I CAN Work aims to help people in North Wales find and remain in employment in order to support their recovery from mild to moderate mental health problems.
The twelve month pilot project is being led by Betsi Cadwaladr Health Board in partnership with personal support services charity CAIS
, and the Rhyl City Strategy
, with funding from the Welsh Government.
It’s the latest new service to be launched through the health board’s I CAN campaign
, which aims to provide earlier support and empower people to take control of their mental health.
Research has shown that over a third of people with mild to moderate mental health problems are unemployed, and there is a growing body of evidence linking employment with improved mental health, wellbeing and quality of life.
I CAN Work is based on the principles of the Individual Placement and Support (IPS) employment programme, which is used across the world and is recommended by the National Institute for Health and Care Excellence (NICE) as the leading model to help people with poor mental health into work.
It is the first time that this approach has been adopted on a large scale in Wales.
It will see healthcare professionals work closely with a network of I CAN Work Employment Specialists to ensure that employment forms a central role in people’s recovery from mental health problems.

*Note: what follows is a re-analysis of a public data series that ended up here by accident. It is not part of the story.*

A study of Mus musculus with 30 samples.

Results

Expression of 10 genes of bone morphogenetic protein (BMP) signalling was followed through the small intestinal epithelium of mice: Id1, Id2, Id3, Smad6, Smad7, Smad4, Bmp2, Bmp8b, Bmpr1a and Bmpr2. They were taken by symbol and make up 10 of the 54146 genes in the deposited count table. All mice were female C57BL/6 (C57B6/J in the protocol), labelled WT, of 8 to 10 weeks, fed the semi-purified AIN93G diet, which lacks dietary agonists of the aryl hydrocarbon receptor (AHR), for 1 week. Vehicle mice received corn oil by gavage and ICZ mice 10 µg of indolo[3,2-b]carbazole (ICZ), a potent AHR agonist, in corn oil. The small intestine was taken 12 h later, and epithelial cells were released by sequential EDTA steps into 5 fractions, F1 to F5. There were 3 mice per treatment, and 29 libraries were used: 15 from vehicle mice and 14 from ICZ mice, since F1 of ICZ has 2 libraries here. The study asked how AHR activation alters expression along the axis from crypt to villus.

The programme will provide intensive ongoing support to enable people to find and remain in employment, with support provided to employers to help people keep their jobs at difficult times.
Llinos Edwards, Service Improvement Programme Manager at BCUHB, said:
“We know that many people with mild to moderate mental health problems want to work, but need extra support to do so. We want to encourage anybody who is struggling to please contact us so our I CAN Work Employment Specialists can provide the intensive support required to help them find and remain in employment.”
Clarence Medical Centre in Rhyl is just one of the GP surgeries supporting the scheme, with I CAN Work Employment Specialists now working alongside health professionals at the surgery.
Clarence Medical Centre GP Dr Simon Dobson said: “We see many people with mild to moderate mental health problems every week, and we recognise that there isn’t a ‘pill for every ill’. There is strong evidence that being in work can play a key role in supporting people’s ongoing recovery from mental health difficulties.
“Health professionals and employment specialists are now working together in a much more integrated way to deliver this support across North Wales, particularly here in north Denbighshire.
“It’s invaluable to be able to work with I CAN Employment Specialists to enable people to get back to work and take control of their mental health and wellbeing.”